Older Not Wiser

Monday, 24 June 2013
Road safety experts are calling for governments and the wider industry to help make driver simulators more readily accessible for both learner and experienced drivers, in an effort to create safer roads.

The plea comes off the back of the new research which reveals a shocking number of  current license holders do not recall basic road rules suggesting they’d likely fail a drivers  test if required to re-sit.

Alarmingly, the inaugural CARMA Road Risk Rating has found more than three quarters of  Australian drivers (up to 85%) could not correctly identify fundamental driving rules and  practices such as right of way, driving distance, adequate vision and steering wheel hand  position.

In fact, despite additional years behind the wheel, drivers aged 40-59 demonstrated less of an understanding of basic road rules than their less experienced counterparts (those aged 18-24).

The CARMA research also revealed that when it came to bad behaviour, age was no barrier behind the wheel. Drivers across the board admitted to unlawful activity, with each age group demonstrating a propensity for particular driving offenses. 18-24 year olds for example, are more inclined to talk on the phone or text while driving, while a greater number of those aged 40-59 openly admit to drink driving.

“Experienced drivers are quick to point the finger at learners and P platers but as the research shows, there is a void in both knowledge and performance across all age groups,” explains Russell White leading road safety activist and ambassador for the CARMA Driver Safety program.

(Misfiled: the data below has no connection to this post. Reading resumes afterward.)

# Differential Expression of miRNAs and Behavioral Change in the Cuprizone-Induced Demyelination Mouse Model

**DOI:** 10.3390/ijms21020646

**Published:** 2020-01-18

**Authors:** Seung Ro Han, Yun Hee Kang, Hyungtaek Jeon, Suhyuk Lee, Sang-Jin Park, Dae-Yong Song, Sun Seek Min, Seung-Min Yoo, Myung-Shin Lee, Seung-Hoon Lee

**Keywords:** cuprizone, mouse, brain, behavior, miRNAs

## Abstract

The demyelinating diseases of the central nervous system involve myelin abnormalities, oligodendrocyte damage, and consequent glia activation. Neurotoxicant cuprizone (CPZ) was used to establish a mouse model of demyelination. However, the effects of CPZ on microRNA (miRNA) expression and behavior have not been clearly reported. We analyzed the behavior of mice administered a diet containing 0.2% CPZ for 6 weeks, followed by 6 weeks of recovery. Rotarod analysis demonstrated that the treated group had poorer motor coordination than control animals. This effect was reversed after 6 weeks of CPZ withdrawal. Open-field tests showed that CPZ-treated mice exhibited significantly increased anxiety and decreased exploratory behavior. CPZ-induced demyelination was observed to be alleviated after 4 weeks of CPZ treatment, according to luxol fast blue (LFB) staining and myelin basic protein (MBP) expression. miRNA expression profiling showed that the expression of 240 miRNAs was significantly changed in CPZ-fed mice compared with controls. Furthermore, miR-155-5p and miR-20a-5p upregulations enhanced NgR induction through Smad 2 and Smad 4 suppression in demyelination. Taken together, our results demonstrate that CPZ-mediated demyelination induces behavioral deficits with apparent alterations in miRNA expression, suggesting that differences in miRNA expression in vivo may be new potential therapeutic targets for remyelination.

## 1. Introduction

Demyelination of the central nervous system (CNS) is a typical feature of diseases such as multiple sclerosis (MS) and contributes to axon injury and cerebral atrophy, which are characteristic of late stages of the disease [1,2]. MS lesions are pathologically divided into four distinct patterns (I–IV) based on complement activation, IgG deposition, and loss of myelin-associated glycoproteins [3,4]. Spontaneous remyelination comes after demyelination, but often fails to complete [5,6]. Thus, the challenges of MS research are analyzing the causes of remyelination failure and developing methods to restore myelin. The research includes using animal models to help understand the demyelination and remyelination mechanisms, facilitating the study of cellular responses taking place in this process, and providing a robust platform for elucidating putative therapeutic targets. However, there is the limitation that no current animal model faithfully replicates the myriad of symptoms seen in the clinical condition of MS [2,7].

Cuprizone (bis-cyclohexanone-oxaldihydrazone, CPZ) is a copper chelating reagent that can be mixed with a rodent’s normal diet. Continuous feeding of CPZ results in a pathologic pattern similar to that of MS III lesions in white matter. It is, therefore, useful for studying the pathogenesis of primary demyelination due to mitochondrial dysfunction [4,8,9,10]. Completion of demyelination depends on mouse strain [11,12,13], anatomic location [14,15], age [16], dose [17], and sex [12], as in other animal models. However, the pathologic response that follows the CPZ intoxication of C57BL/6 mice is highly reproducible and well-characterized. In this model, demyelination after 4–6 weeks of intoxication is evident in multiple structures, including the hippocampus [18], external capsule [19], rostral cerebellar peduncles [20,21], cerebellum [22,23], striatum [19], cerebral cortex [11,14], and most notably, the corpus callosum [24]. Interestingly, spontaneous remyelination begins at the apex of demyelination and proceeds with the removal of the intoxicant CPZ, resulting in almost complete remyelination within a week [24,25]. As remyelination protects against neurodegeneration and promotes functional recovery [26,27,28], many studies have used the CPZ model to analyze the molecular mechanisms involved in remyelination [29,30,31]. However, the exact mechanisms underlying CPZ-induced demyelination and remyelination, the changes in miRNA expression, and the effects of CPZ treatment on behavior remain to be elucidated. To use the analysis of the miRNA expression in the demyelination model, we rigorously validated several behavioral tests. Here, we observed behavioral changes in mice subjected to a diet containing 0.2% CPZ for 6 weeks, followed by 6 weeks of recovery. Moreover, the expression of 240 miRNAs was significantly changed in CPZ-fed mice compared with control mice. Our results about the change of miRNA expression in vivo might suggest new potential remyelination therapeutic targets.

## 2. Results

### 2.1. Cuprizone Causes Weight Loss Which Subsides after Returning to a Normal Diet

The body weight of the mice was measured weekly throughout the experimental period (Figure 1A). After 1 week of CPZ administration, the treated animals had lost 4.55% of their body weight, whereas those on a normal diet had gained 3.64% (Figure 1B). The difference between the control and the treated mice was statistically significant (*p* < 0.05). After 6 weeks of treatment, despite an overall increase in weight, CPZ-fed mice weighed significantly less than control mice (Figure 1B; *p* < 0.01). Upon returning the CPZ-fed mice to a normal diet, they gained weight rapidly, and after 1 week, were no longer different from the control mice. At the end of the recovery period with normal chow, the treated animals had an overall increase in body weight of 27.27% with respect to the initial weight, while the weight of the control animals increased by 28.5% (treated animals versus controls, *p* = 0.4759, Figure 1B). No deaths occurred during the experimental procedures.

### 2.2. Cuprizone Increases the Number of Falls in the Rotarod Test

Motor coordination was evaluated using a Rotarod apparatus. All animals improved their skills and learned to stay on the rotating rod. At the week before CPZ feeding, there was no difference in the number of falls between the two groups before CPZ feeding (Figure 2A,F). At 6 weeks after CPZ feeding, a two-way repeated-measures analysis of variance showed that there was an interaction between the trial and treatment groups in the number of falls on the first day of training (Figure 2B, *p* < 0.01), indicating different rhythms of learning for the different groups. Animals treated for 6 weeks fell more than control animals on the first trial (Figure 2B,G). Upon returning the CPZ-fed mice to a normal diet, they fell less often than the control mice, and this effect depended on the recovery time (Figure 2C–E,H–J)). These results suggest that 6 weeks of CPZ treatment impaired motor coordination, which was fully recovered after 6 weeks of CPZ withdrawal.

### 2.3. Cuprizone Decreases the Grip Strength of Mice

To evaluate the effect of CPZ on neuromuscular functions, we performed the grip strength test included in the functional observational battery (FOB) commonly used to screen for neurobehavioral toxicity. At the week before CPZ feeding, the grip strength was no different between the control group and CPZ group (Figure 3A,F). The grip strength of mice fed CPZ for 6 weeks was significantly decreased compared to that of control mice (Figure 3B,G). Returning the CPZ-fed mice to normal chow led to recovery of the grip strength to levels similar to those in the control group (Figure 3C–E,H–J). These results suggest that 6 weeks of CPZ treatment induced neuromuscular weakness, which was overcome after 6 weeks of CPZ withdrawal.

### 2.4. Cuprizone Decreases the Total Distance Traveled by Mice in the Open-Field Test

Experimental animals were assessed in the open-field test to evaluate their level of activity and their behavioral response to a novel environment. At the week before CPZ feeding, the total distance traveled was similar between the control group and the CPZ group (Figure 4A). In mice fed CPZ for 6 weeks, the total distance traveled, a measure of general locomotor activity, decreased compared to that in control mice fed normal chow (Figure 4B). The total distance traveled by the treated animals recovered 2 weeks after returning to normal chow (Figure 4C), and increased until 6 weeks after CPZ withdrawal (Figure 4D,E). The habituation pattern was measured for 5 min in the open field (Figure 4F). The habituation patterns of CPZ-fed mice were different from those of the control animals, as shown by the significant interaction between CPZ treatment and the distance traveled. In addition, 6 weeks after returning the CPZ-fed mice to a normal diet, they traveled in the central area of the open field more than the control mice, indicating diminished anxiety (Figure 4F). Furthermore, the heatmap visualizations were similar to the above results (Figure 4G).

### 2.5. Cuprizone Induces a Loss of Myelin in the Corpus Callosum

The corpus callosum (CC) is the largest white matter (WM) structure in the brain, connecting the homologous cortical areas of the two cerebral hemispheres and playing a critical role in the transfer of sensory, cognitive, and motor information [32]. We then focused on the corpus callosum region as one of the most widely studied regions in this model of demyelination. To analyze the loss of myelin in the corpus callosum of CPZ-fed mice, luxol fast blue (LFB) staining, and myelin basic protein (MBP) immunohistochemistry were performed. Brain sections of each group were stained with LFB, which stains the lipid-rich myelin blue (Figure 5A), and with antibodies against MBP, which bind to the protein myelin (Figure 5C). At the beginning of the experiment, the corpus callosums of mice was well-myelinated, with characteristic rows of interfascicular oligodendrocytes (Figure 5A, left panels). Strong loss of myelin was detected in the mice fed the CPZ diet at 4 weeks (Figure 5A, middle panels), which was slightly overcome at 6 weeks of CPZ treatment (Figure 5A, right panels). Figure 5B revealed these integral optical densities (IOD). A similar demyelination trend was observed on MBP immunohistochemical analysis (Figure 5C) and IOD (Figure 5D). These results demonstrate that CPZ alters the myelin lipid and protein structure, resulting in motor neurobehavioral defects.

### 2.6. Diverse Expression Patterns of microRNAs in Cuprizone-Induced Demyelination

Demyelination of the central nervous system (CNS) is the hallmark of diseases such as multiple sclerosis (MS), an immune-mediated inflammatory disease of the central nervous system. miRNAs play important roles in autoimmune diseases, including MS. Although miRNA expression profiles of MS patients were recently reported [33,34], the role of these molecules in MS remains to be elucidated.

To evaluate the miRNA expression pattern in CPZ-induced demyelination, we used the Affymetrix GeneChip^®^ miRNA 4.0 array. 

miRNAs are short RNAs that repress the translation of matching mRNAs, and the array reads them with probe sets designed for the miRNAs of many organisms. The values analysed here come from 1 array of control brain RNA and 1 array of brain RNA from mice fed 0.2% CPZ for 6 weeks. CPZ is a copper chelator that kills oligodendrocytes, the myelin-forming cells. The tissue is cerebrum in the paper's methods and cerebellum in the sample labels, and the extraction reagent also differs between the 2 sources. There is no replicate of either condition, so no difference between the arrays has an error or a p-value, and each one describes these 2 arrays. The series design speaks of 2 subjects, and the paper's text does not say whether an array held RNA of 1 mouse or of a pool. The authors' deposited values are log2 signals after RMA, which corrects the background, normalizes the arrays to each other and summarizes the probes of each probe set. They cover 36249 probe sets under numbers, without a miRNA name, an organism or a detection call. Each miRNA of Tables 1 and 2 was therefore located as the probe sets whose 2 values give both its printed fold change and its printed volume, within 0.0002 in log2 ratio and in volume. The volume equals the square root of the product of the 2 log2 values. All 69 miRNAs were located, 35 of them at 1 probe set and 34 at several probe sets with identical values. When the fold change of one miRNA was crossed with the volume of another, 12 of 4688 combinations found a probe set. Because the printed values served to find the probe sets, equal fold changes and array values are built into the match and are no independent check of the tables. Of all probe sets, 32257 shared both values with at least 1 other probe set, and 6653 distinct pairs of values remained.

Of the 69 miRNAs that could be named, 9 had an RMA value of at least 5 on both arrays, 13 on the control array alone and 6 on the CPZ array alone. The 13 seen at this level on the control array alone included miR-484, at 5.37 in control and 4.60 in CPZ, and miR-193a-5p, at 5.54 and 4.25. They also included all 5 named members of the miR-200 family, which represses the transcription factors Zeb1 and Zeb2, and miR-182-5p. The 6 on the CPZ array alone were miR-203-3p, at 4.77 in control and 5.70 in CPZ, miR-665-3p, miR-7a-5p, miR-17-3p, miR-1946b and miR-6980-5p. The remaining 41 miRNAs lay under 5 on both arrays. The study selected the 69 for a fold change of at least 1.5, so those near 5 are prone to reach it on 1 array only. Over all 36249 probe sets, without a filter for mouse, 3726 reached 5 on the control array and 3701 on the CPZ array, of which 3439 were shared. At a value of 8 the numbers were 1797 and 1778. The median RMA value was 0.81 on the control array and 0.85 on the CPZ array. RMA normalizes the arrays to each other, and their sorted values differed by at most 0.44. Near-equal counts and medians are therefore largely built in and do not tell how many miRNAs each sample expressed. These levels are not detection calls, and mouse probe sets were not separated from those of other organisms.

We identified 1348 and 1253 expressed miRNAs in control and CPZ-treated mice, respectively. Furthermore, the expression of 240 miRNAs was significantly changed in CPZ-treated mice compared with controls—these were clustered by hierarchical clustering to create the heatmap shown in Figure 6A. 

“Where this becomes a particular issue, is in the development of future drivers as younger people are typically taught by their parents. This suggests the younger generation may be picking up bad habits and out-dated driving practices from mum and dad.

“And despite perceptions, what many don’t realise is that the 40-59 age group account for the biggest number of road deaths annually, more than those aged 18-24.

“Years on the road doesn’t always translate into driver proficiency which is why it’s so  important that both young and experienced drivers have access to the tools to help them  improve their driving skills,” adds White.

White’s ultimate vision includes the introduction of Driver Simulator Centres across the country where road users of all ages and skill level can experience dangerous or unusual traffic and road conditions in a controlled, virtual environment.

“Simulators are the safest and most effective way to combat risky behaviour, improve driver proficiency and better equip drivers with skills necessary to create safer roads.

“Our current CARMA high school program - which combines road safety education and asimulator road show - is extremely well received by both teachers and students and directly demonstrates the importance of conscious driving practices.

“Unfortunately, a single simulator can cost thousands, so creating greater access for drivers of all ages is a costly exercise, which requires support from governments and the industry alike.

“That said, 1,400 mostly preventable deaths on Australian roads each year is a devastating statistic. If we can help save just one life on our roads, it’s money well spent and a cause well worth pursuing,” White concludes.